Can Natural Gas Bridge the Gap to Net Zero?

Kathy Hitchens
Freelance Writer

As the U.S. energy industry responds to President Joe Biden’s commitment to a zero-emission electricity sector by 2035, there will be many challenges to overcome. One of the key questions the industry must answer is the role natural gas will play in a net zero future.

The energy industry believes natural gas will be a bridge to a net zero future as the nation transitions from coal-fired power plants to cleaner energy sources, including wind and solar. They’re concerned that the battery storage infrastructure needed to overcome the intermittency of renewable energy generation is not yet developed enough. They believe natural gas, which is cleaner than coal, can continue to provide reliable electricity while those greener technologies are developed.

Here are a few things to consider as we look at the role of natural gas in our energy future.

Natural Gas Leads the Way

Natural Gas Storage

According to the Energy Information Administration (EIA), in 2020, natural gas accounted for 40% of all electricity generation in the U.S. It’s the single largest fuel source for this nation’s power plants. Nuclear, coal, and renewables each generate approximately 20% of the nation’s power.

According to Bloomberg, utilities in the U.S. will continue to invest in natural gas production, with more than $70 billion being funneled to develop new gas-fired power plants between now and 2025. That said, the landscape is changing. In addition to the federal mandate, states like California are establishing their own clean energy mandates – in California, Senate Bill 100 requires 100% clean energy by 2045. Several cities, including Berkeley, California, and New York City, are going further by enacting bans on new natural gas infrastructure. In light of these new requirements, nearly two dozen utilities have committed to net zero carbon emissions by 2050.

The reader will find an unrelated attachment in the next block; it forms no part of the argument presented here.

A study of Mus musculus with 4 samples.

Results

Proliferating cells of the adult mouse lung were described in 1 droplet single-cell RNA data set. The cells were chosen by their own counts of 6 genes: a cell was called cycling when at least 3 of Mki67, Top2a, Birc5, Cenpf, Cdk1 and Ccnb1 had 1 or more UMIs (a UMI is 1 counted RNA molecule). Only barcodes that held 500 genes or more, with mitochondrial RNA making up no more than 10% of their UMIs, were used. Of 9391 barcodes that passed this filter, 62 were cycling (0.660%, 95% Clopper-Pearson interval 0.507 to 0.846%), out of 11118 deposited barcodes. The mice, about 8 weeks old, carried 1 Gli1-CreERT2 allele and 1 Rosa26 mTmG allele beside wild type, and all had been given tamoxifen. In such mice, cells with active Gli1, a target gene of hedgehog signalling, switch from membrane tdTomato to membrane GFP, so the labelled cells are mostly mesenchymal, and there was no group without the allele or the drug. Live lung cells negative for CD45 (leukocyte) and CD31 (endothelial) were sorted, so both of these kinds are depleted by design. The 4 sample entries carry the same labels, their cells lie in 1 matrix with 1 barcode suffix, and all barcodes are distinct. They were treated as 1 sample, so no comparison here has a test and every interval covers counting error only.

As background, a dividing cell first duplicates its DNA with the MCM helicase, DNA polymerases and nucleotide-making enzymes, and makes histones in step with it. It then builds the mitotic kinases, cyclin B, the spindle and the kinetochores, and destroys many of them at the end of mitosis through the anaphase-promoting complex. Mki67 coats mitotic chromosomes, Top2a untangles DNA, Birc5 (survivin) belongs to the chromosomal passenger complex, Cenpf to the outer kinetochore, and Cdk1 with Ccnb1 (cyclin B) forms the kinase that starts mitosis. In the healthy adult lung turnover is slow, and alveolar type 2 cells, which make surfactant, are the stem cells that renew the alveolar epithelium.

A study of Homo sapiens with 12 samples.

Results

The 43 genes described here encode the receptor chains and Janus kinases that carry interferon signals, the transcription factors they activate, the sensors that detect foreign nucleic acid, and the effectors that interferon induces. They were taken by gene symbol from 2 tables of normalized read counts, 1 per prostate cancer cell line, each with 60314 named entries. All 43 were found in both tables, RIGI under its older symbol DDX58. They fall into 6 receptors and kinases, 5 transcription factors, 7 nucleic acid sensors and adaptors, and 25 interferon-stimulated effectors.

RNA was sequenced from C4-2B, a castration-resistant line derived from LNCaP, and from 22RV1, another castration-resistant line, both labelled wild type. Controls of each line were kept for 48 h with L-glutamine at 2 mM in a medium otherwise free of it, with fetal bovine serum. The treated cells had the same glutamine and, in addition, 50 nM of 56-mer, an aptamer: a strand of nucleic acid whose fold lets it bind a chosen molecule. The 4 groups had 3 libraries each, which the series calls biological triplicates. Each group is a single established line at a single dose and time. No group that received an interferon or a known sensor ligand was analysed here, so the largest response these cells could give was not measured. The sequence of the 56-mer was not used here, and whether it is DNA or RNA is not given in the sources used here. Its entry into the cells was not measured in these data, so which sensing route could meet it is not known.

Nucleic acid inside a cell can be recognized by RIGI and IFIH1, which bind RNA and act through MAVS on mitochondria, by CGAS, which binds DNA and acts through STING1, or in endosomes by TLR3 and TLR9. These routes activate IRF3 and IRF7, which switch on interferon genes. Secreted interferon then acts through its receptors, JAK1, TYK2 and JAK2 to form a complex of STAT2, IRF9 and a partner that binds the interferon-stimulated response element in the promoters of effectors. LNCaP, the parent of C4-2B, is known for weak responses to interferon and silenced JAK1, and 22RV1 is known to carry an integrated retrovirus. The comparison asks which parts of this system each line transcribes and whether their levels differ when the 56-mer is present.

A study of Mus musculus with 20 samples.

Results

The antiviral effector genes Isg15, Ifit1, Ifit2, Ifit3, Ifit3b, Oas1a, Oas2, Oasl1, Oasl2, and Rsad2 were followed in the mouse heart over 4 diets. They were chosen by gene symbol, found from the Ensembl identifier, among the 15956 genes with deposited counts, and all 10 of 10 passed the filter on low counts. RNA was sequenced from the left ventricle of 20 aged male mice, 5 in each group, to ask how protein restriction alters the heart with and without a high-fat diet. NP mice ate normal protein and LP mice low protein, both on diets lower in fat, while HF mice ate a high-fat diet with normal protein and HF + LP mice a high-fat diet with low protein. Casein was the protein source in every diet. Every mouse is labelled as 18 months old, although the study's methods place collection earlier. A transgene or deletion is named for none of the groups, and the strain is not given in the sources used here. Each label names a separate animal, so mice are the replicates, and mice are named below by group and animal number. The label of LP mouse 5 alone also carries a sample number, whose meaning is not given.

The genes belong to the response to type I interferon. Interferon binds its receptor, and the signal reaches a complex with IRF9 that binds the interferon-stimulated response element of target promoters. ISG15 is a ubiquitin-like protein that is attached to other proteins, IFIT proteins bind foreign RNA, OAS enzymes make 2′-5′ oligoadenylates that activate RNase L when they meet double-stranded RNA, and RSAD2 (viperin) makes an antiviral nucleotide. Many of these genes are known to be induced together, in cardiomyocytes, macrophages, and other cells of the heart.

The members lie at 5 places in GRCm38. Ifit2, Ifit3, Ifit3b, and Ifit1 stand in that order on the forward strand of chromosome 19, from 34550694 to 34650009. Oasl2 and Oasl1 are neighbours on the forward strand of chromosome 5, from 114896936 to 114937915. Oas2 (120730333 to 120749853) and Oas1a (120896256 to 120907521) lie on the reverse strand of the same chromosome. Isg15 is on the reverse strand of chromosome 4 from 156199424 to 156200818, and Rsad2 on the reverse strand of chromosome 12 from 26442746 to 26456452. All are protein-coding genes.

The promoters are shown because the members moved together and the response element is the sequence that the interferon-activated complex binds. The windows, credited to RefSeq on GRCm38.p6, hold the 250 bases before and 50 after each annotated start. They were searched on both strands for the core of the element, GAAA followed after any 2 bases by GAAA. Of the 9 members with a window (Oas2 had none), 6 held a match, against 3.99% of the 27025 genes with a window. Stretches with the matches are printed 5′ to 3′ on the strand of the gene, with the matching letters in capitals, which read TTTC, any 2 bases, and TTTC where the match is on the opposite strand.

Reaching Net Zero

To reach their net zero goals, utilities are getting creative with their new infrastructure. The Los Angeles Department of Water and Power is building a new power plant at a soon-to-be decommissioned coal plant. The new plant will burn both natural gas and clean hydrogen when it opens in 2025. The plant will run on a 70/30 split of natural gas to hydrogen at the start, but company leadership expects it will shift to 100% hydrogen by 2045.

Renewable Natural Gas

Natural Gas Plant

To meet their climate goals, states like California, Washington, and Oregon are also working to integrate renewable natural gas into their energy mix. Renewable natural gas (RNG) comes from biogases captured as organic matter decomposes. It can be sourced from landfills, wastewater, food waste, and other organic feedstocks. The biogas is then processed to remove water, carbon dioxide, and contaminants.

RNG is interchangeable with conventional natural gas, and it can be used either as compressed natural gas (CNG) or liquified natural gas (LNG). It can also be distributed through natural gas transmission and distribution lines, just as conventional natural gas. Today, it’s primarily used in natural-gas-powered vehicles, though it could be used in various other applications, including in electricity generation. RNG could be a powerful component in the path to net zero.

Are you interested in more news about net zero goals in the U.S.? Read “Net Zero Goals Drive Change for the U.S. Energy Industry” on the PCI blog.